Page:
7 Awe-inspiring Gardens at Chelsea Flower Show 2016
Posted by Bridgman on
If you didn't get a chance to visit the Chelsea Flower Show, take a look at our must-see, inspirational gardens for a taste of the latest gardening trends. Time to get green-fingered...
The Telegraph Garden
The Telegraph Garden, designed by Andy Sturgeon; winner of the best show garden award
A striking show garden designed by Andy Sturgeon which depicts geological events that have shaped and moulded our landscape over millions of years. Think dramatic bronze fins (to represent ancient mountain ranges) surrounding a gentle garden of warm and semi-arrid planting. It's a contrived landscape which highlights the need to future proof gardens against a changing climate...
The Hartley Botanic Garden
The Hartley Botanic Garden, designed by Catherine MacDonald; Silver Gilt medal winner
A sort of garden-within-a-garden designed by Catherine MacDonald to celebrate the British-engineered glasshouses by Hartley Botanic. The focal point of the design is the glasshouse attached to a traditional walled garden, where tropical, aquatic and carnivorous plants grow. Views of the surrounding woodland - alive with the native, naturalistic planting from our British landscape - can be enjoyed from within the glasshouse, making it both folly and retreat.
Support, The Husqvarna Garden
The Husqvarna Garden, designed by Charlie Albone; Silver Gilt medal winner
We all need a space to relax and reflect, and this garden, designed by Charlie Albone, offers a retreat from the speed of modern living. The key ingredients are a gently moving water rill (a water feature that allows water to move in a straight line), a sunken lawn and bluestone cobbles, while a floating, cantilevered, architectural structure and patterns taken from iconic Australian buildings, nod to this garden's homeland in Melbourne. There is colour too thanks to exotic specimen plants.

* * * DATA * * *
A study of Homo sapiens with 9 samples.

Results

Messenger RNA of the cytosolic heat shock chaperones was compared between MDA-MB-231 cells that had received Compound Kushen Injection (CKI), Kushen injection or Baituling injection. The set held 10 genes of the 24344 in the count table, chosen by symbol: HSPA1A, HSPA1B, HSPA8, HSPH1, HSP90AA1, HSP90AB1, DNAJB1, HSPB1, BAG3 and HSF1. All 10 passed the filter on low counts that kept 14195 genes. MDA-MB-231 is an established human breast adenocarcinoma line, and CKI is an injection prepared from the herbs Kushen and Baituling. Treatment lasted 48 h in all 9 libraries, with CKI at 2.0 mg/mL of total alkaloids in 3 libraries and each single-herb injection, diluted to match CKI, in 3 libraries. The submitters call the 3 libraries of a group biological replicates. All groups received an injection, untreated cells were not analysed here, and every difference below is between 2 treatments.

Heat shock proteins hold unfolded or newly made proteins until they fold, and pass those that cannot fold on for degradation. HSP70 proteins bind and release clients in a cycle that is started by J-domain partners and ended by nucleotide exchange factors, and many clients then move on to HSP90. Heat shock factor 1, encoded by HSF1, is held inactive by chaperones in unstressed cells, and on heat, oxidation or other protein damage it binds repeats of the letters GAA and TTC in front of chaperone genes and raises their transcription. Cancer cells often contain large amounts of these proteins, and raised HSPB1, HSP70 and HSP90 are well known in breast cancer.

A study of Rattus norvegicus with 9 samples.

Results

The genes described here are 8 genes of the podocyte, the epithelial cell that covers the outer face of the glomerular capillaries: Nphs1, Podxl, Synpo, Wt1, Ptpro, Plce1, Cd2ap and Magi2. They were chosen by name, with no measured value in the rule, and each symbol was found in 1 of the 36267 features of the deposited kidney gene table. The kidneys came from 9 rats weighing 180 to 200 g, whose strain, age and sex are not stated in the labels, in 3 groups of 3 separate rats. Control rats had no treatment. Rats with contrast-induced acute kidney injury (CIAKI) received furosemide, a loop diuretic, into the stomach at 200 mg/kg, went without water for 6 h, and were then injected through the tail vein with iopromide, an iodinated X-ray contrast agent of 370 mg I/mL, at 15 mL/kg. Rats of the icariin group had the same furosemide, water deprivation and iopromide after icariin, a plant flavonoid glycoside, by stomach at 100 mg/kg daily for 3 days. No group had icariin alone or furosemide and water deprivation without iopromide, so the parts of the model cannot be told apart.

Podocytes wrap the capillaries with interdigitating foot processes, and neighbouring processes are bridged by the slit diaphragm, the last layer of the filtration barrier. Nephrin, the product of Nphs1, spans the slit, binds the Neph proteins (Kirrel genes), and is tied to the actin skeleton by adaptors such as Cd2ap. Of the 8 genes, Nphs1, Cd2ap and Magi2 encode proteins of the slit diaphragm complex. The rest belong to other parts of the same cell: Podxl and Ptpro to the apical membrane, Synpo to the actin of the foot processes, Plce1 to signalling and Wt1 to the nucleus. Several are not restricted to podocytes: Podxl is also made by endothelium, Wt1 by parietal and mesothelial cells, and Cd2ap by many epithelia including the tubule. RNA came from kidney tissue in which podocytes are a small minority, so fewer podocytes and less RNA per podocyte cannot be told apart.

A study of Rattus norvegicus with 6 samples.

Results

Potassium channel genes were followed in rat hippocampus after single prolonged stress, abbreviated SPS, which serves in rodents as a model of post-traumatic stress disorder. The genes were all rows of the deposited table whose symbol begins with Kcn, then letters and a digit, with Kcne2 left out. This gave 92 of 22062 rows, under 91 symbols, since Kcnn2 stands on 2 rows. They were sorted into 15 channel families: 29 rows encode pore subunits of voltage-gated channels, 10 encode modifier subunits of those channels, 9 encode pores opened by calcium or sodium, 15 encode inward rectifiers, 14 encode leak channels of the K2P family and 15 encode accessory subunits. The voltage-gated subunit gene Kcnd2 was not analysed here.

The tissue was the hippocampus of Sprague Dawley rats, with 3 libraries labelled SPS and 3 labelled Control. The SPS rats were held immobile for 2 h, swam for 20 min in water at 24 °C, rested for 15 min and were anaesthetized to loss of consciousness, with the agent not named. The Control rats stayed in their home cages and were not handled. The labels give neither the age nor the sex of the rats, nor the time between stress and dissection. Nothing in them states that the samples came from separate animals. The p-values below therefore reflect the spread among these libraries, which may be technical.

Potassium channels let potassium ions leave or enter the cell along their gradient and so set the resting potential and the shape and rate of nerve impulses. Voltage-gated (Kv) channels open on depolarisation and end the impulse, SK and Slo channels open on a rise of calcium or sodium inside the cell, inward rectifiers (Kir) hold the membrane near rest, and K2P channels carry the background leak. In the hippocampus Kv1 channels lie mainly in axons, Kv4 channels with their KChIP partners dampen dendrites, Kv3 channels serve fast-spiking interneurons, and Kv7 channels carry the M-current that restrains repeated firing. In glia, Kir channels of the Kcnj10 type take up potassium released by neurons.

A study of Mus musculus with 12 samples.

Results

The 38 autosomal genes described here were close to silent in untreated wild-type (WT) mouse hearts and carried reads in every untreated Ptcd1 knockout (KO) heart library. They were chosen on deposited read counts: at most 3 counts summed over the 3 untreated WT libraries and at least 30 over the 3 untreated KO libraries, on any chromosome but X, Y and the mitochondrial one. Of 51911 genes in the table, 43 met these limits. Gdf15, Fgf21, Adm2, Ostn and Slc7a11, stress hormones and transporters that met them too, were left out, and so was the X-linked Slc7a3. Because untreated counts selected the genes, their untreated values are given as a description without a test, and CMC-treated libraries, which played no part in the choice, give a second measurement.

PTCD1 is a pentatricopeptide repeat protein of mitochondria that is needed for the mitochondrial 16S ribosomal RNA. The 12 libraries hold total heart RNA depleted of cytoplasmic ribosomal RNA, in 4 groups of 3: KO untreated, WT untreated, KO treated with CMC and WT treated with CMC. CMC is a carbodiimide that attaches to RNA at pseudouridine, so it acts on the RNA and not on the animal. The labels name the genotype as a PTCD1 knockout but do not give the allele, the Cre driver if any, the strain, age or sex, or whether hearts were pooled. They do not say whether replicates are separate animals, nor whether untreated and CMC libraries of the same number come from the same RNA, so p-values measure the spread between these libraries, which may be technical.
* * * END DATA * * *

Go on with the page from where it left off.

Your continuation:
The St John's Hospice - A Modern Apothecary
The St John's Hospice Garden, designed by Jekka McVicar; Silver Gilt medal winner
The healing power of plants and a quote from Hippocrates - "Let food be your medicine and medicine be your food" - is the inspiration behind this fabulous garden. It is a small, tranquil space with wellness at its heart and features research-based plants known to be beneficial to the health and wellbeing of society. A garden of natural calm and wonderful aromatic planting (many can be eaten too) for the ultimate in tranquillity and wellbeing...
God's Own Country - A Garden for Yorkshire
God's Own County – A Garden for Yorkshire, designed by Matthew Wilson; Silver medal winner
Designed by Matthew Wilson, this garden showcases the county's wealth of stunning scenery, iconic heritage, deep-rooted industries and skilled tradespeople. With a beautiful panel of stained glass made using original methods, the garden mixes the old and new with planting that conjures up the woodland gardens of Yorkshire.
L'Occitane Garden, designed by James Basson; Gold medal winner
Celebrating the 40th anniversary of this natural beauty brand, James Basson cleverly returns to the company's roots by recreating the beautiful yet harsh environment of Haute Provence, the region where a young Olivier Baussan first began producing essential oils from rosemary and lavender. Scent and colour play an important part here where you'll find 300 different plant varieties native to the region.
The AkzoNobel Honeysuckle Blue(s) Garden
The AkzoNobel Honeysuckle Blue(s) Garden, designed by Claudy Jongstra in collaboration with Stefan Jaspers; Silver Gilt medal winner
Plant dyes products different tones, with depth, shade and movement, and in this stunning garden, we are invited to see the legacy of plants that were historically harnessed for their dye qualities. It is part of a wider 'Farm of the World' initiative in which designers collaborate with educational groups to teach the age-old, sustainable techniques of using plants for their dyes to create fabrics in beautiful colours. And the result here, is truly beautiful too...
Did you visit this year's Chelsea Flower Show? Which gardens were you most inspired by?